Well, it’s come to this. The New York Times is covering for its new CEO, who may have covered for a serial pedophile. Who covered for another serial pedophile.
In the late 1990s, Paul Francis Gadd — better known as Gary Glitter, the British Elvis — was exposed as a pedophile and fled the country on his sailboat. He sailed to Cambodia, continued his sexual abuse of children, and was deported to Vietnam, where he again resumed it, and was again deported.
In the early 1990s, radio and TV personality Jimmy Savile had been knighted by both Queen Elizabeth and Pope John Paul II for his humanitarian work, which included visiting orphanages and working to uplift children. It was like knighting Howard Stern, but the British had seen nothing yet. When Glitter returned to London in disgrace, Sir Jimmy aggressively defended him, stating of the police:
They went into the hard drive, saw all these dodgy pictures and told the police and the police then “Oh we’ve got a famous person. … Oh my goodness, yeah we’ll have them.” But Gary has not sold ‘em, has not tried to sell ‘em, not tried to show them in public or anything like that. It were for his own gratification. Whether it was right or wrong is, of course, it’s up to him as a person. But they didn’t do anything wrong but they are then demonized. If you said to that copper, what’s Gary Glitter done wrong? Well nothing really. He’s just sat at home watching dodgy films.
Savile’s defense had a selfish motivation — during the previous two years he himself had been involved in two separate scandals that unsuccessfully implicated Savile himself in having sex with minors. Savile passed away last year, but a month ago his scurrilous past finally caught up with him. British police are now investigating hundreds of complaints of sexual abuse by Savile of children — including numerous instances of misconduct while visiting the orphanages.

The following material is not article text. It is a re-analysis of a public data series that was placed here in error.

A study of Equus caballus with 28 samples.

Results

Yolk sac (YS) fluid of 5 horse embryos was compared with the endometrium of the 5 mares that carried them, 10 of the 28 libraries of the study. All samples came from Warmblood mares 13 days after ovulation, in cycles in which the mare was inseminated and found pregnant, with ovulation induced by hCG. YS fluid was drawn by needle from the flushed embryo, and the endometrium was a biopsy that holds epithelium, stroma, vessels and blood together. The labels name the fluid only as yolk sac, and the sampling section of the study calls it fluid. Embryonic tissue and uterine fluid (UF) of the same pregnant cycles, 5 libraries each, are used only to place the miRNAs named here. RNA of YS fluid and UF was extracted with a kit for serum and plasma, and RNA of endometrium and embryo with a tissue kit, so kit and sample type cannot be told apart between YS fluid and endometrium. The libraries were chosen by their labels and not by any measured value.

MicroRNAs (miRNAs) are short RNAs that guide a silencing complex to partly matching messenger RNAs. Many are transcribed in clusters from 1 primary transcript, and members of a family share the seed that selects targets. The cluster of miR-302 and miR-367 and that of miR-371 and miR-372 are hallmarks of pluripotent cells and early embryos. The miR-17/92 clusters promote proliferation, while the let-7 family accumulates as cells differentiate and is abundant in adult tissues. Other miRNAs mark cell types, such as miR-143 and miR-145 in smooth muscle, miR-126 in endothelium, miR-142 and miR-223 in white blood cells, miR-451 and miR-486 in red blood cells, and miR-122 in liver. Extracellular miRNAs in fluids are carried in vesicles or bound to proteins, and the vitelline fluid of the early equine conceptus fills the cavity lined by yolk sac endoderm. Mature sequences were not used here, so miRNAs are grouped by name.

Savile was also the Russian Dick Clark, a major figure on the BBC with his Top of the Pops TV show for decades, He was ubiquitous on many other BBC programs as well. So perhaps one shouldn’t have been too surprised to learn that the BBC iced an investigative report about Savile’s sexual abuse, resulting in yet another brewing national scandal.
And this brings us to Mark Thompson.
A BBC lifer and its director-general from 2004 until earlier this year, Thompson was named CEO of the foundering New York Times Company effective next month. The Gray Lady herself has now reported: Thompson had discussions with BBC management about the story on Savile that never was, before it wasn’t. The one he denied knowing anything about, except that he did.
In bizarre fashion, the New York Times reporters who interviewed Thompson at the Times’ headquarters allowed him to refer only to anonymous “senior management in BBC News” that he spoke with about Savile. This, of course, freed the Times from any obligation to follow up with those figures and to find out whether Thompson was telling the truth about saying nothing to them about killing the story on Savile. Uncovering problems with his statement would, of course, damage his new prospects in Manhattan.
Even more bizarre, the story refers only to an anonymous “New York Times spokesman” when reporting the paper’s statement that it still expected Thompson to join the paper next month, and makes no attempt to grill that spokesman about the implications.
The Times’ own public editor is highly dubious about Thompson and the Times’ coverage of him. The comments on her blog post overwhelmingly call for Thompson’s ouster. She specifically challenged the paper’s reporters, stating:
I hope the Times rises to the challenge and thoroughly reports what it finds. The Times might start by publishing an in-depth interview with Mr. Thompson exploring what exactly he knew, and when, about what happened at the BBC.
That’s exactly what the paper did not do. Instead, its “reporting” only helps Thompson and the paper sweep the whole mess under the carpet.